I will remember the doings of Yah, Surely I will remember、 out of aforetime、 thy wonderful way; And will talk to myself of all thy work, And of thy doings will I muse:—” (Psalm 77:11–12, EMPH)

The psalmist here uses an interesting word to describe talking to himself about all of the Lord’s work from of old.  It is the Hebrew word הָגָה (hā·ḡā(h)) and it literally means to mutter or growl. It’s the sound that a lion makes when its on the prowl, that low, extended growl. The word is translated in various ways, perhaps the most famous verse in which it is used is Joshua 1.8

This Book of the Law shall not depart from your mouth, but you shall meditate on it day and night, so that you may be careful to do according to all that is written in it. For then you will make your way prosperous, and then you will have good success.” (Joshua 1:8, ESV)

In Joshua it is translated “you shall meditate.”  The two verses together shed somewhat surprising light on what we consider meditation.  We think of meditation as something done in silence when we think about the Word of God and consider its implications in our lives, or perhaps have an extended silent time of just reflecting on God and his greatness.  I wonder if the Hebrews thought more of meditation as something that was done aloud where they would literally talk to themselves, in Johsua 1.8 about the Book of the Law [The Torah], and in Ps 77.12 of all of the works of the Lord that he has done in the past that remind us of his power and sovereignty.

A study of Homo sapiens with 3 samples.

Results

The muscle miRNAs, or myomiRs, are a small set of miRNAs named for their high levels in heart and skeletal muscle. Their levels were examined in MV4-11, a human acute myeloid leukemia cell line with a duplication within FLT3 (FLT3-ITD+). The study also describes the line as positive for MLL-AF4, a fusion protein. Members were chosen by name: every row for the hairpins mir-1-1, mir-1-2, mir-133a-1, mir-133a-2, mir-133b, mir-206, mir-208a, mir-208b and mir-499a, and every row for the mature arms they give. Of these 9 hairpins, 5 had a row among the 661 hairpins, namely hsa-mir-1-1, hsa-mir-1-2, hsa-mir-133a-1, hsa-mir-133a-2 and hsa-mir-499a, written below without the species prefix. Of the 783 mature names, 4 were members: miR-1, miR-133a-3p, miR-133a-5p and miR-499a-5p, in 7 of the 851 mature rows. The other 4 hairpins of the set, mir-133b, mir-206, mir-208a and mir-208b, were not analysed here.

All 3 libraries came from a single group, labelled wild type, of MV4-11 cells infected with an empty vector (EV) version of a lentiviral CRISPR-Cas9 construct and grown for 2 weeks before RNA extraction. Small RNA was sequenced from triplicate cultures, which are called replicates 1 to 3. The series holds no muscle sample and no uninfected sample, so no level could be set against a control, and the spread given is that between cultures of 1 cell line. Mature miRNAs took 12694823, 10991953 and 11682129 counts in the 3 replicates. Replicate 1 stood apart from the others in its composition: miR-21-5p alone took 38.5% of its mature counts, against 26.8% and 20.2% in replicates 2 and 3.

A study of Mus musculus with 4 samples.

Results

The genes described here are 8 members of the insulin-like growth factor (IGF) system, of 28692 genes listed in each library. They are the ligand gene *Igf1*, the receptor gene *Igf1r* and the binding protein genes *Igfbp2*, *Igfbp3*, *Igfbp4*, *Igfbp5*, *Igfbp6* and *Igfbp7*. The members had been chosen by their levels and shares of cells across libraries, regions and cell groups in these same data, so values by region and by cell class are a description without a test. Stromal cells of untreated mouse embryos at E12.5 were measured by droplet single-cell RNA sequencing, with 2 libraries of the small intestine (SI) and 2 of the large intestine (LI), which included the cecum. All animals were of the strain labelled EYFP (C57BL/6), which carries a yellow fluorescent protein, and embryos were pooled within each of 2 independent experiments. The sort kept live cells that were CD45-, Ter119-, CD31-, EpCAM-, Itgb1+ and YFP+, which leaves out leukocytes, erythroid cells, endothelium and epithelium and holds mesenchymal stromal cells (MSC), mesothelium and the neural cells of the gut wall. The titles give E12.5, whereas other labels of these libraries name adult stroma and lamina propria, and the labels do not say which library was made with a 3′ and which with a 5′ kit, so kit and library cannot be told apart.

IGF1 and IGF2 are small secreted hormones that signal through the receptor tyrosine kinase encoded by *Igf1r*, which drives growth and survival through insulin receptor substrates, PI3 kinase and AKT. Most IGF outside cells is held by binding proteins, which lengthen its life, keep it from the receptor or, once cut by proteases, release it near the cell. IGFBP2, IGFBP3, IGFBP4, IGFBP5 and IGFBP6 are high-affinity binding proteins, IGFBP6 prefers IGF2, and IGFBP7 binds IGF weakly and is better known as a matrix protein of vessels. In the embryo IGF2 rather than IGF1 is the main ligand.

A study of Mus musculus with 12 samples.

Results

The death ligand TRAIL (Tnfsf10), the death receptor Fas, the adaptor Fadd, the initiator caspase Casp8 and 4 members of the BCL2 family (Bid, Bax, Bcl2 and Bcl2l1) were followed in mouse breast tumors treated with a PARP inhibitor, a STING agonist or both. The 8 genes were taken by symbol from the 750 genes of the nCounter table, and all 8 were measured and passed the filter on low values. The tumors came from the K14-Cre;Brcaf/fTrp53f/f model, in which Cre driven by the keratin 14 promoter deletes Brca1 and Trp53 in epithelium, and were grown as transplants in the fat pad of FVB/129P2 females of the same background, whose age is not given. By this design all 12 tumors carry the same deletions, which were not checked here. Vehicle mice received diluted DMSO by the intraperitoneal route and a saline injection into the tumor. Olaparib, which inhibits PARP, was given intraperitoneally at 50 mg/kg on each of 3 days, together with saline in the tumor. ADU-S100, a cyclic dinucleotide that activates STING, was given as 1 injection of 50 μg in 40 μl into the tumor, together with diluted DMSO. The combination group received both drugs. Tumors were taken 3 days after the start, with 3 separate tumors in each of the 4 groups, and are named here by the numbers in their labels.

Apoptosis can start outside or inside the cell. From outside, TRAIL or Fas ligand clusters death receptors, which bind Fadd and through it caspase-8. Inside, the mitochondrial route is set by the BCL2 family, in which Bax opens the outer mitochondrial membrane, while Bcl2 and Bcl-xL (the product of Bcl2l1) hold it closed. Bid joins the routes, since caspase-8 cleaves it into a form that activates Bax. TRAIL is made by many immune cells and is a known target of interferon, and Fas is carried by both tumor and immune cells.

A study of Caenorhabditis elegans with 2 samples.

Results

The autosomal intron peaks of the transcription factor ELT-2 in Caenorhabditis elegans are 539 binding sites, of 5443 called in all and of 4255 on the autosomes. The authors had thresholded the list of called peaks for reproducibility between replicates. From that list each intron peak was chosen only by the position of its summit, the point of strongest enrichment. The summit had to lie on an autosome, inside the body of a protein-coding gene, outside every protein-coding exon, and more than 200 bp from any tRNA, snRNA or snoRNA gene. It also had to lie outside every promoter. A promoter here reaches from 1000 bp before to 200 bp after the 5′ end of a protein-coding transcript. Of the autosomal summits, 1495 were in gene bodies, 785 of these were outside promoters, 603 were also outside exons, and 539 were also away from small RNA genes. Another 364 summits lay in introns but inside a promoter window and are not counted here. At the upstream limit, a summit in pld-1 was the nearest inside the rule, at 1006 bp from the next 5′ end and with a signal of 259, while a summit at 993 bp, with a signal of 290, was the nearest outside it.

Aloud or silent, the force of our verse reminds us that it is good to look back and reflect on what God has done in the past, both in our own lives and in the broad swath of history.  This gives us fuel for faith in Him in the future, or as Charles Spurgeon puts it: Memory is a fit handmaid for faith. When faith has its seven years of famine, memory like Joseph in Egypt opens her granaries.